For Nostalgia’s Sake
I’ve worked with many clients who aren’t sentimental. They have little attachment to memory-infused possessions or family history in general. They only have these objects because sorting through, organizing, and managing their stuff is overwhelming. But they’re not particularly attached to the past. That makes the downsizing process quicker, less emotional, and often ends with less stuff being kept.
Most clients, however, tend toward the more sentimental. They may believe photos are precious, that family heirlooms are sacrosanct, or that anything that evokes a memory is worth keeping. As a result, they find it difficult to let go of anything connected to their past. Usually, guilt arises when considering letting go of items given to them or that may be family-related, including kids’ childhood stuff (ex. art projects, baby clothes, trinkets). Other emotions come up, too: feelings of responsibility to carry a family torch or allow items with historical relevance to persist, or resistance to letting go of one’s past identity. Of course, holding on to a family heirloom that you use on special occasions is special and sweet. But you don’t need a lot of these; pick your favorites.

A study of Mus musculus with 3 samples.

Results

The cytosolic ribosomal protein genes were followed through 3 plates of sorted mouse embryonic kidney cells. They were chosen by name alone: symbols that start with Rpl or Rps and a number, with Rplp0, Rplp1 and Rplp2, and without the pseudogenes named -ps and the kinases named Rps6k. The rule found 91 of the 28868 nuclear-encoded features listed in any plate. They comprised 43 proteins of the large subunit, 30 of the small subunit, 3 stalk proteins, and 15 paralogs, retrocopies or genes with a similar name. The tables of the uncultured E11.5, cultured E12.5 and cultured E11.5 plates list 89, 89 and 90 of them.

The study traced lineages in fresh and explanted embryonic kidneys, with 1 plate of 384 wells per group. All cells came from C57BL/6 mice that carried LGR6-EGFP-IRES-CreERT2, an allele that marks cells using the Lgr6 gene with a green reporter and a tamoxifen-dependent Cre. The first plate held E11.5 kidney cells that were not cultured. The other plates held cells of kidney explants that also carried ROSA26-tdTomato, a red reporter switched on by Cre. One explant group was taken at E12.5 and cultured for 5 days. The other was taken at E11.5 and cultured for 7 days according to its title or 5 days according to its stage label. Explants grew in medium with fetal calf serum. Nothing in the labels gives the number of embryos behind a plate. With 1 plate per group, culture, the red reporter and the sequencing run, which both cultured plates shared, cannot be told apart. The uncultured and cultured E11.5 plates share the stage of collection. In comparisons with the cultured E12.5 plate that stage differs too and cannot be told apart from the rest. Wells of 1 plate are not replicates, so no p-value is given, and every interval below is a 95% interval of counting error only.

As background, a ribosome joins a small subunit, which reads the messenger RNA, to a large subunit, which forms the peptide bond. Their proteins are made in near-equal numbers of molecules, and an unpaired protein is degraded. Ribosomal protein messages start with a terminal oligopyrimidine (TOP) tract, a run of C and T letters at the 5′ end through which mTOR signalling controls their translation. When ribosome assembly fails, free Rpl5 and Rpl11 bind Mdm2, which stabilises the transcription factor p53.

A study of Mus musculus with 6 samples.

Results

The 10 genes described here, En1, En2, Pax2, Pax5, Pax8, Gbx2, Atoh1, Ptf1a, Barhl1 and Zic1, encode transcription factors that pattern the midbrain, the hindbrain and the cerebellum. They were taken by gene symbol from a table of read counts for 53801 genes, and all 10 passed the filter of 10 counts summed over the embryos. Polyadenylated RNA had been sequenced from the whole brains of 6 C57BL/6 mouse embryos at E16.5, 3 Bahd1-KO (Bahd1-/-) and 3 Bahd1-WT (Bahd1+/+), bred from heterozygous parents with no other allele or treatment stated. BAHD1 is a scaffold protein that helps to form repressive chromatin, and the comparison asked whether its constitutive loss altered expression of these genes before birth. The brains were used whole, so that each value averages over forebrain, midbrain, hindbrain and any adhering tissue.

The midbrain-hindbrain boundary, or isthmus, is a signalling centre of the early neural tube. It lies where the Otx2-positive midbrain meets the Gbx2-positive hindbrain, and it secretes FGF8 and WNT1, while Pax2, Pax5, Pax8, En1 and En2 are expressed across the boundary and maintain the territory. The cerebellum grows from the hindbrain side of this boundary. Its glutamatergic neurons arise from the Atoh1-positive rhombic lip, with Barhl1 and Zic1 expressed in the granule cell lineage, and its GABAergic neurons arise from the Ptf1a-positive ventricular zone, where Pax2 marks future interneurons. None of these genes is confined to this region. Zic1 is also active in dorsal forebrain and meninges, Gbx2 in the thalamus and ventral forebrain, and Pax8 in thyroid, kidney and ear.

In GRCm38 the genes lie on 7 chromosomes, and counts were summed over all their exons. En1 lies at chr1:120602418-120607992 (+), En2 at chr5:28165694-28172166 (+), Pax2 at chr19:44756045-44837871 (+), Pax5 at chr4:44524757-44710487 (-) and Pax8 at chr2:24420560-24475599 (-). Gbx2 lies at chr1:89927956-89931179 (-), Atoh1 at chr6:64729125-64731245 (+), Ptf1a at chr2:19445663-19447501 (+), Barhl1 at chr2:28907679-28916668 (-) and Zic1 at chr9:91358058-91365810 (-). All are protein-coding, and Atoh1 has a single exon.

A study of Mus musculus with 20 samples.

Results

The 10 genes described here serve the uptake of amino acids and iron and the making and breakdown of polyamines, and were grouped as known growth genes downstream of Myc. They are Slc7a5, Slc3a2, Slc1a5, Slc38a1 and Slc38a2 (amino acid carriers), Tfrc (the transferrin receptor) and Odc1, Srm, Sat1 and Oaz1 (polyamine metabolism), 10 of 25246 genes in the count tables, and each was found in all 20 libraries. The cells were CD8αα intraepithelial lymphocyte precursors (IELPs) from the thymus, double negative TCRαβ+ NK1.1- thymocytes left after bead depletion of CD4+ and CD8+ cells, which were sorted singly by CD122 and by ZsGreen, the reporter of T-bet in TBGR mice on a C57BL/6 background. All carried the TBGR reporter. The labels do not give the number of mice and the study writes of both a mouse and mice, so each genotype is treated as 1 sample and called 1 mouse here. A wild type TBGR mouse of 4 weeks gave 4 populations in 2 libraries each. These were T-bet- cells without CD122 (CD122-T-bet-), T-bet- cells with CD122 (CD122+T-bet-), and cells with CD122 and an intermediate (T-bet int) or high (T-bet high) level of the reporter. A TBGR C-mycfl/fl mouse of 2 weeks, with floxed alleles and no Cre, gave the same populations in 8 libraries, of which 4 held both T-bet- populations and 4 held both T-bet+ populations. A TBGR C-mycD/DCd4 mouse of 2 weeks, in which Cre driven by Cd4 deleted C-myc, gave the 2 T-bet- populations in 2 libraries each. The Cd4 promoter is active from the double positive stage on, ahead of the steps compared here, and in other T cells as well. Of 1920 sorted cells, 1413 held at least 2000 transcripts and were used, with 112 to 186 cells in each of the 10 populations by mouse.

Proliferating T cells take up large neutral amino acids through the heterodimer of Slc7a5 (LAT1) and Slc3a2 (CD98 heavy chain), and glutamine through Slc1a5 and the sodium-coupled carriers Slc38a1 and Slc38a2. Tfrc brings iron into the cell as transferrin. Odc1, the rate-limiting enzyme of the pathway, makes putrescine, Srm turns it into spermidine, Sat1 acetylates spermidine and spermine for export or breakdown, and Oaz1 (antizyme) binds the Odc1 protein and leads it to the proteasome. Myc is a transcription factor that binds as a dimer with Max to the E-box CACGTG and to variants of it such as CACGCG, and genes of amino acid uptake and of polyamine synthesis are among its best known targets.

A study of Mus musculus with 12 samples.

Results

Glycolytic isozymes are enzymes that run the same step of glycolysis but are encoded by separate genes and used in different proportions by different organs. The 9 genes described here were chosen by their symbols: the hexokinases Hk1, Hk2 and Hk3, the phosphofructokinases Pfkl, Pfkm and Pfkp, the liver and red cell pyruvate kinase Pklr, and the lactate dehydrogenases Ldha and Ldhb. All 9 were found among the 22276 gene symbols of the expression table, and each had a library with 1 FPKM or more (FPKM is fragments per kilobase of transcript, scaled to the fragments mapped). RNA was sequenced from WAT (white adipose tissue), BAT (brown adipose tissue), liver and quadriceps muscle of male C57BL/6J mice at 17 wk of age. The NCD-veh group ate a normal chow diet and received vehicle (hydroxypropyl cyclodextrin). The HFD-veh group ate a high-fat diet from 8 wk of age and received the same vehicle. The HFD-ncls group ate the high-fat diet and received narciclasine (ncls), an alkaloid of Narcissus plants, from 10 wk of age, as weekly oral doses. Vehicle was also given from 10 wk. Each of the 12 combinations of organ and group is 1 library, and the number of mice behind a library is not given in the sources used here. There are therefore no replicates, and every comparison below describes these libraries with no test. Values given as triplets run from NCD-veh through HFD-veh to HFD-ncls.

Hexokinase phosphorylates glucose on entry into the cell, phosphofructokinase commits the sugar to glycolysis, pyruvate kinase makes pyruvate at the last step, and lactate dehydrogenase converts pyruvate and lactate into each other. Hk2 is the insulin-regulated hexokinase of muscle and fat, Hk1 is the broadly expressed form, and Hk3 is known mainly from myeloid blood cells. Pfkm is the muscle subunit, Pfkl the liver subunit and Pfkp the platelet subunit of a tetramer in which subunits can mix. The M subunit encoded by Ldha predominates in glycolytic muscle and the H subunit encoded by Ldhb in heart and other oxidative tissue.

I’ve worked with clients who have kept old family photos for decades that had been passed on to them from an older relative. They keep these photos for decades, never looking at them and shuffling them from one closet corner to another. Often, they don’t know most of the people in the photos. They could pull out the few they recognize, but the process feels overwhelming. So the default is to keep. But it doesn’t need to be. The truth is, they can throw out the whole box in a single moment, and nothing in their life would change except for a small weight lifted. But it feels uncomfortable because printed photos are considered precious, as they capture a moment in time.
Sentimentality can be misplaced when we feel the need to become a family historian or even when we feel uncomfortable letting go of something that is really old. We place a particular value on some items simply because of their age. This is reinforced by programs like Antiques Roadshow that highlight the hidden treasures stashed in our homes. If selling items you believe are valuable interests you, take the time to do it. But if you’re holding onto these items thinking they are worth top dollar, but you haven’t taken action, consider whether you’re willing to put the time into pursuing your belief. It’s decision time.
Being nostalgic can provoke moments of sweet longing, and deep memory. Such reactions to nostalgic objects are perfectly human. However, it becomes a problem when we hold on to stuff purely because it elicits nostalgia. Nostalgia pulls us in, but it doesn’t have to. Nostalgia, for nostalgia’s sake, keeps too much of our past in our present, especially when there is nothing more profound underneath it. Nostalgia doesn’t carry with it its own intrinsic meaning. It may seem at first glance to be meaningful. But it’s not the kind of meaning we’re trying to build in our minimalist lifestyle. We want the core of our lives to be built on who we are today.